Rights group slams French child migrant policy
AFP - Human Rights Watch called on France Thursday to scrap its policy of detaining and deporting unaccompanied migrant children who fly into Paris' Charles de Gaulle airport.
The New York-based rights group said authorities denied entry to some 1,500 migrant children between January 2008 and July 2009, claiming one-third of those were deported.
"Some of these children were trafficked, some were fleeing persecution in their home countries, and some were arriving to join family members," it said in a report.
Authorities argue that child migrants have not officially entered France on arrival and therefore do not have the same rights as those on French territory. They are placed in a "transit zone" inside the airport until their claims to enter the country are processed.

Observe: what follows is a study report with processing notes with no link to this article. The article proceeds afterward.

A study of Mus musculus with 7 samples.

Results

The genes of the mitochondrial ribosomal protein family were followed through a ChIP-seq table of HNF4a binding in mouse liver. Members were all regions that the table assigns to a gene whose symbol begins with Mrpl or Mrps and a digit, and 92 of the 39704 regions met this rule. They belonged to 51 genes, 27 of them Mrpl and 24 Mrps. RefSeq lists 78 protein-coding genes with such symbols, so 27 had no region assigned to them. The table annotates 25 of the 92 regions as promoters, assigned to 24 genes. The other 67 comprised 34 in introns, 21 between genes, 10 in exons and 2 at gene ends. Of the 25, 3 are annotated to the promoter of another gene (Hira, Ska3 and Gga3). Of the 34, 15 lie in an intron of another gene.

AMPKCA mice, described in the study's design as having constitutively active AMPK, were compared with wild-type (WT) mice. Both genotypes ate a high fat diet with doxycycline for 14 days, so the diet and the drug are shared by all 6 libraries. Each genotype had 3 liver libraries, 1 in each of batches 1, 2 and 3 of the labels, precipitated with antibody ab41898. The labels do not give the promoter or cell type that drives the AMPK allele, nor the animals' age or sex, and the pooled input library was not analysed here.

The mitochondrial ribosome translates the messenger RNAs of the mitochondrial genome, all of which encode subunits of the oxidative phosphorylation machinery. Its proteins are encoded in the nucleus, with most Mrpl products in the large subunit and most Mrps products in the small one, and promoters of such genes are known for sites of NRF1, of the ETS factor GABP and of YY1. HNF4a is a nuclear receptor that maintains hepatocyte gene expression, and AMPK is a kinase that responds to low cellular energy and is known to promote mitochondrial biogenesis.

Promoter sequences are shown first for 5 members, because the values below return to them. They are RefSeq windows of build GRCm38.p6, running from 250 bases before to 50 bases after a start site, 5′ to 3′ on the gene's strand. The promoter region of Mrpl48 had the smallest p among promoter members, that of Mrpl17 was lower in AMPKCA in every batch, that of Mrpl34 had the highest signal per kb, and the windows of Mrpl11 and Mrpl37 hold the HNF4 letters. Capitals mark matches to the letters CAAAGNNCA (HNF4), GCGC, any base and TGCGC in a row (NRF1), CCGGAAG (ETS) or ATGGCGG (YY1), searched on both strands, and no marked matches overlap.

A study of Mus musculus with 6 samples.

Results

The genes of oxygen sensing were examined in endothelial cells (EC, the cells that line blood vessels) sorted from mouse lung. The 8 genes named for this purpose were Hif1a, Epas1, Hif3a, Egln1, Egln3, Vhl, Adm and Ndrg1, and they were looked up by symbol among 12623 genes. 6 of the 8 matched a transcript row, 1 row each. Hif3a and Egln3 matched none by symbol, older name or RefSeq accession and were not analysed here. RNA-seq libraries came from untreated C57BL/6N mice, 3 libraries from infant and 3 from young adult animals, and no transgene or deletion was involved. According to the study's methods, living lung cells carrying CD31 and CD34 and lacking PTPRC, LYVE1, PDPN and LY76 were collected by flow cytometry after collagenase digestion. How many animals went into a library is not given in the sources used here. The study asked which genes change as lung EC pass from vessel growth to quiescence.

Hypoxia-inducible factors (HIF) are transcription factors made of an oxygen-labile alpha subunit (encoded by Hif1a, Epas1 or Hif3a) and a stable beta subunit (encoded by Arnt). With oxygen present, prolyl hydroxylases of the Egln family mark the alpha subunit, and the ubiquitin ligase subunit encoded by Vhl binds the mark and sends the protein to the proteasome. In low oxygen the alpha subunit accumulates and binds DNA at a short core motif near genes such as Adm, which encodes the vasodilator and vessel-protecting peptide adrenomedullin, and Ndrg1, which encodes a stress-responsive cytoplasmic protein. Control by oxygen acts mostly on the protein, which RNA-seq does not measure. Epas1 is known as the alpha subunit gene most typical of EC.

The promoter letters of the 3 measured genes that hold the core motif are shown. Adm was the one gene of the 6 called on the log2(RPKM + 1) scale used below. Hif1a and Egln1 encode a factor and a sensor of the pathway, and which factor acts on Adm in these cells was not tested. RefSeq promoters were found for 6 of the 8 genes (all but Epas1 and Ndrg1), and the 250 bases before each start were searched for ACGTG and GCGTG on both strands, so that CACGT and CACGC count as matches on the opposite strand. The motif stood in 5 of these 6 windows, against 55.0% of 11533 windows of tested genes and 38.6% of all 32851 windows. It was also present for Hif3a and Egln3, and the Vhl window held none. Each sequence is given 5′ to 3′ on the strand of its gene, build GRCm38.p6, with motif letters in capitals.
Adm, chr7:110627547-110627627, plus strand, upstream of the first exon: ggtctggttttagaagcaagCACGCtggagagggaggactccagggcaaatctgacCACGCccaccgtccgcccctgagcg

Human Rights Watch said the French government should scrap the zones, describing them as a "legal fiction" which do not give sufficient rights to vulnerable young migrants.
Based on interviews carried out with migrant children, the NGO claims they are often kept in detention with adults, face "degrading treatment by police" and are forced to sign papers that they do not understand.
The French government, however, defended its policy.
Immigration Minister Eric Besson issued a statement late Thursday evening, criticising the "multitude of factual errors" and the "pointlessly polemical tone" in the HRW report.
"The position taken by Human Rights Watch on the scrapping of the transit zone is unwarranted and, in many respects, dangerous," Besson said.
"France stands out with its generosity towards foreign children who arrive on its soil... it is one of the few developed countries which does not send unaccompanied minors that have illegally entered its territory back to their home countries," he added.